In Anchorage, Alaska, Yup’ik Eskimo chief financial officer and single mother, Esther Fancyboy, walks out of a party and into a blizzard. She is never seen again, leaving behind a seven-year-old son, Evan. The local cops say she’ll come home when she’s done partying, but family friend Maeve Malloy doesn’t think it’s that simple. She goes looking for Esther just as she’s getting bad news of her own, a career-ending accusation.
When Esther’s body turns up in a snow berm and a witness is shot to death in front of Maeve, she suspects Evan might be in danger. Maeve must race against time to save the boy–along with her career, and maybe her life.
The Big Thrill caught up to author Keenan Powell to discuss the second installment in her Maeve Malloy mystery series, HEMLOCK NEEDLE:
What attracts you to this book’s genre?
What was the biggest challenge this book presented? What about the biggest opportunity?
The biggest challenge this book presented was describing the professional challenge my protagonist is facing without making her sound like a wimp. The biggest opportunity was researching Yup’ik culture.
Was there anything new you discovered, or that surprised you, as you wrote this book?
In working with a writing group and beta readers, I was surprised by how resistant people can be to a bad guy’s evil intention or an unfair turn of events. After I spent more effort explaining why the bad guy does what he does from his point-of-view or why the unfair thing is how the cookie crumbles, they were able to get past that and move on with the story.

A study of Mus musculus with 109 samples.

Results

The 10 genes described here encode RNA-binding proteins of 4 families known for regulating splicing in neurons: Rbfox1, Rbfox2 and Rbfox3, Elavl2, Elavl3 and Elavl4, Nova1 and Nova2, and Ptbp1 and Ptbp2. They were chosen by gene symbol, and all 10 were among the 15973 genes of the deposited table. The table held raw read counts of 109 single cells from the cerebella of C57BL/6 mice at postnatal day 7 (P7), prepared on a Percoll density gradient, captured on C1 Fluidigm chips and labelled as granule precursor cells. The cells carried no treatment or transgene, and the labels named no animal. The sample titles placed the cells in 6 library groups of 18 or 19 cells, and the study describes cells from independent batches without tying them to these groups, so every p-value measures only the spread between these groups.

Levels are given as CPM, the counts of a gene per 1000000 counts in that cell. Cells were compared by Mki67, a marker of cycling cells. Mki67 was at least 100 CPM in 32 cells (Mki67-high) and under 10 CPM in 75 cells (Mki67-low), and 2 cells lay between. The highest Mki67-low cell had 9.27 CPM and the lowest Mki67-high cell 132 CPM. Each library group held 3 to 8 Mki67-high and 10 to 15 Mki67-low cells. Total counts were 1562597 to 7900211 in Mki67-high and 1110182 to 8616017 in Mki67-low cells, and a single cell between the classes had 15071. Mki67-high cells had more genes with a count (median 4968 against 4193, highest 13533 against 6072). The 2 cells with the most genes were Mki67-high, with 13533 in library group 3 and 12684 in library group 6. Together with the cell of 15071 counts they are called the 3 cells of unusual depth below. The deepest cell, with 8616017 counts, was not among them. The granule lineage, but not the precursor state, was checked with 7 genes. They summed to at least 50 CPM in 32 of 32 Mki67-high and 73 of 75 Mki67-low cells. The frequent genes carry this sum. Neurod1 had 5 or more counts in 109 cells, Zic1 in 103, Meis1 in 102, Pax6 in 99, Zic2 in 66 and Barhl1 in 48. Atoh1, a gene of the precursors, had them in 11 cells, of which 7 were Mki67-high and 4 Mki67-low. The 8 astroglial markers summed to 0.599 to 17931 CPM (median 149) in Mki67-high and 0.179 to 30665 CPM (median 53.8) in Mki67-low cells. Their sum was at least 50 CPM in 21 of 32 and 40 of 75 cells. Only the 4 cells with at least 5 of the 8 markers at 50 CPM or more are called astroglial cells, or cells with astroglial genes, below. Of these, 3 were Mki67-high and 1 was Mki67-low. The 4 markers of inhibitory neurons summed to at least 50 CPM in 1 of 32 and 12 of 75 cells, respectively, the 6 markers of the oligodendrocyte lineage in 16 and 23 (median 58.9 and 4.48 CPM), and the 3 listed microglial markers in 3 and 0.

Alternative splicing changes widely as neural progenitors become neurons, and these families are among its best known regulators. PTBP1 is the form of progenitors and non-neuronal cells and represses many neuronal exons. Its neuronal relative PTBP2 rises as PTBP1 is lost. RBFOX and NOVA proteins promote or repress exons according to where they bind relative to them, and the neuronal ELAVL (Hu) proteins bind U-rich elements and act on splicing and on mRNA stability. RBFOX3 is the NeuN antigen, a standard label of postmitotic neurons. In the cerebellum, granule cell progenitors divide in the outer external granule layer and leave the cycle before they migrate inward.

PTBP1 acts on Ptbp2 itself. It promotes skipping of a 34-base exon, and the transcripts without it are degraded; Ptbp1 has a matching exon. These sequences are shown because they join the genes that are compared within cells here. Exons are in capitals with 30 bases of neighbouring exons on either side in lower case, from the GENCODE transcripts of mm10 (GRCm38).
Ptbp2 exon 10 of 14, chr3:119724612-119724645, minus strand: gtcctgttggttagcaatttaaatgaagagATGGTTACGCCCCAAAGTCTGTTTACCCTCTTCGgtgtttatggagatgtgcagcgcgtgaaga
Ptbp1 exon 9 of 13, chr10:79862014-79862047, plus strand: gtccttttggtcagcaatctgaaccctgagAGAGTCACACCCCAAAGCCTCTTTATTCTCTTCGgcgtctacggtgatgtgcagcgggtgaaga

Which took shape first: plot, character, or setting?
While in high school, Keenan Powell illustrated the first edition of Dungeons and Dragons (known as Original Dungeons and Dragons) but chose not to pursue art as it didn’t seem practical. So law school it was. The day after graduation, she moved to Alaska, where she has been practicing law ever since, including ten years of criminal defense.
In 2009, there was a string of homeless deaths which the Alaska Medical Examiner had ruled were the result of “natural causes.” While attending a legal seminar, she learned of a little-known law that permits the medical examiner to declare death by natural causes without performing an autopsy. These deaths and that loophole inspired her to write the first Maeve Malloy Mystery, Deadly Solution.
Several years ago, she was retained by a group of Yup’ik fishermen to challenge the state fishing regulations, as a result she was visited Kwethluk, Alaska, during fishing season. She saw firsthand a fish camp where natives live while they harvest, how they dried fish outdoors on racks, and went to dinner in one of the villagers’ homes where fresh-caught salmon and akutaq was served. That visit inspired Hemlock Needle, the second Maeve Malloy Mystery.
To learn more about Keenan, please visit her website.